State regulators have approved premium increases for all three of Western New York’s health insurers for next year after trimming many of the rate requests that were originally proposed – sometimes significantly – because they were “unreasonable.”
The Department of Financial Services gave the go-ahead to planned rate increases by Buffalo-based HealthNow New York, Amherst-based Independent Health Association and Univera Healthcare of Amherst after reviewing them under the state’s prior-approval law. The proposed rates were submitted over the summer.
The review applies only to “community-rated” plans, typically for groups of fewer than 50 people each that are pooled together. That’s separate from rates based on one group’s claims experience from one year to the next or for employers that pay for their own employees’ medical costs.
The rates will take effect Jan. 1, with some being applied to later quarters during the year on a rolling basis. The insurers will now notify employers and individuals in preparation for enrollment periods.
For customers of HealthNow, parent of BlueCross BlueShield of Western New York, rates will go up by an average of 9.6 percent for all plans, including 6.8 percent for HMO plans and 11 percent for “indemnity” plans.
“The process is something we take very seriously,” HealthNow Chief Financial Officer Stephen T. Swift said, adding that the overall average increase on community-rated plans “really shakes out” to be 8 percent. “We do everything in our power to minimize the increase that is ultimately passed on to our members and customers.”
Those were all trimmed from the original requests by about 0.6 percentage points.
“The state did make very modest reductions to our submitted rates, … but it was very, very minor,” Swift said, calling that “gratifying and satisfying.”
Approved rate changes for Independent Health range from increases of 4.29 percent to 7.9 percent for groups and 12.5 percent for Healthy New York, and from zero percent to a rate cut for direct-pay plans. The group rates were approved as requested, but those for Healthy New York and direct-pay were slashed.
“The fact the department approved our rates a month ago with minimal or no changes is evidence of our consistent and accurate rating and underwriting approach. Our community rated premium adjustments for 2013 are among the lowest in several years,” IHA Chief Marketing Officer Nora K. McGuire said, citing an overall average of 5.25 percent.
Univera’s requested increase was cut to 10.4 percent, from 11.8 percent. Regulators concluded that the profit objective was too high and the medical spending too low. Univera is a subsidiary of Rochester-based Excellus Health Plan, which operates as BlueCross BlueShield in Rochester and Central New York, but does not have the Blues license for Western New York.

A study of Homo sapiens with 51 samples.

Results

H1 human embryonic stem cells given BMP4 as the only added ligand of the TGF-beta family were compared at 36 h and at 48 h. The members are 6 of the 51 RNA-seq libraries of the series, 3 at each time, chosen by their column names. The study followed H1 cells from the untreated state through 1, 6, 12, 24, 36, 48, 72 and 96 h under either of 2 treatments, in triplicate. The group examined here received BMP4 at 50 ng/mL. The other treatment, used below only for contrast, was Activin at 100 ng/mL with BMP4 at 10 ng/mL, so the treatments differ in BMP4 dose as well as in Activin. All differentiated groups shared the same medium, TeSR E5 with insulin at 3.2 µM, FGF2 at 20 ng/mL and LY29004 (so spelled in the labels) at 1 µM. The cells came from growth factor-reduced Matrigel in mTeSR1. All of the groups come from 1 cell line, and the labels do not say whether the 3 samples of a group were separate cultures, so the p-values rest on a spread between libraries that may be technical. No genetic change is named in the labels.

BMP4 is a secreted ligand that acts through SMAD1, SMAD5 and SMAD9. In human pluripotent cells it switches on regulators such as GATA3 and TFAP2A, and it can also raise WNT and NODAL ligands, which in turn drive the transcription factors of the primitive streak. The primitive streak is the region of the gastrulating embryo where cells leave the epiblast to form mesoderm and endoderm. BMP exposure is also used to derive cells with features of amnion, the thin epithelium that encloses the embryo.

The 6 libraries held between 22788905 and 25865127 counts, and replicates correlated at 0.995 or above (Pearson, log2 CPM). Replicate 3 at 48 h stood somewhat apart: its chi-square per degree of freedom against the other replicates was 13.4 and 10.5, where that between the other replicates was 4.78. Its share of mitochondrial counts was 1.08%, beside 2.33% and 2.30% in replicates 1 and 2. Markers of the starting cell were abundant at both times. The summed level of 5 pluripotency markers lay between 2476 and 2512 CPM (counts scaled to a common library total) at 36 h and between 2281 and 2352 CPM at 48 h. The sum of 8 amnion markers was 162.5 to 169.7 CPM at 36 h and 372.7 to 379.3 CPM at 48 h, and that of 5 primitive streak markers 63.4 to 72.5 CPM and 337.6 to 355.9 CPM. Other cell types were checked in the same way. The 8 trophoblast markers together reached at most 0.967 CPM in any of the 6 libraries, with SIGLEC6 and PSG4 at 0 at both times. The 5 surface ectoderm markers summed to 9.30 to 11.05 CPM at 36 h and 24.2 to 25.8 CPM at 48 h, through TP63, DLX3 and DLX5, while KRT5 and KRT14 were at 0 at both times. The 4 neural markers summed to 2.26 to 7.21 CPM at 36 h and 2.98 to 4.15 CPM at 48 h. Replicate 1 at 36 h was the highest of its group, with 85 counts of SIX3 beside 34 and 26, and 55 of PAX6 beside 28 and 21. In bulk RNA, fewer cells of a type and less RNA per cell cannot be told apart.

“We’re in the process now of preparing notifications to our members of how this will affect their rates,” said Univera spokesman Peter B. Kates.
This is only the second year that the state has used its renewed authority under the law, which was passed in early 2011, to control the rate increases that consumers and employers will face. Prior approval had existed previously in the 1990s, but was replaced by a “file and use” system that only allowed the state to take action retroactively.
Under prior approval, insurers must submit their planned premiums well in advance of the effective date, and regulators have the authority to approve, reject or modify them. The rate requests and justifications by the insurers are posted online on the department’s website, to enable consumers and others to comment on them, and those comments as well as the state’s rationale for its decisions are also available online.
With HealthNow, the state agreed with the projected increase in medical claims of 7.9 percent, as well as the profit margin of 1.75 percent. But it cut the insurer’s administrative cost ratio by half a percentage point, to 11.46 percent, or 11.46 cents of every premium dollar, and raised medical spending.
“Our objective is to consciously keep down rates,” Swift said. “That’s our commitment.”
IHA, the region’s No. 2 insurer, got off with no overall change to its commercial group rate requests. That includes a 4.67 percent increase for large group HMOs, 7.8 percent for small group HMOs, 7.90 percent for exclusive provider organization (EPO) and high-deductible plans and 4.29 percent for preferred provider organization and point-of-sale plans.
All of its assumptions were approved, including spending 87 cents of every dollar on members’ medical care for HMOs and 89 percent for others.
For the HMOs, it expects to spend 12.72 to 13.32 cents on administrative costs, with a profit margin of 0.28 percent on large groups and a loss of 0.32 on small groups. For the EPO and high-deductible plans, it expects to spend 16.85 cents on overhead, for a loss of 5.85 cents on every dollar. For the PPO and point-of-sale plans, it expects a loss of 0.69 cents of every dollar after spending 11.69 cents on overhead.
“Although we are seeing progress in lowering the medical cost trend, we are committed to maintaining a laser focus on initiatives that continue to improve quality and lower costs,” McGuire said.
For Univera, the state agreed with a projection of 8.2 percent growth in claims, and administrative costs of 13 cents on the dollar. But regulators cut the profit margin to 2 percent, from 3 percent, while increasing medical spending to 85 percent of every dollar, from 84 percent.
“Most of the new rates are close to what we submitted and are very competitive in our market,” Kates said. “We hope to increase our membership during this open-enrollment season.”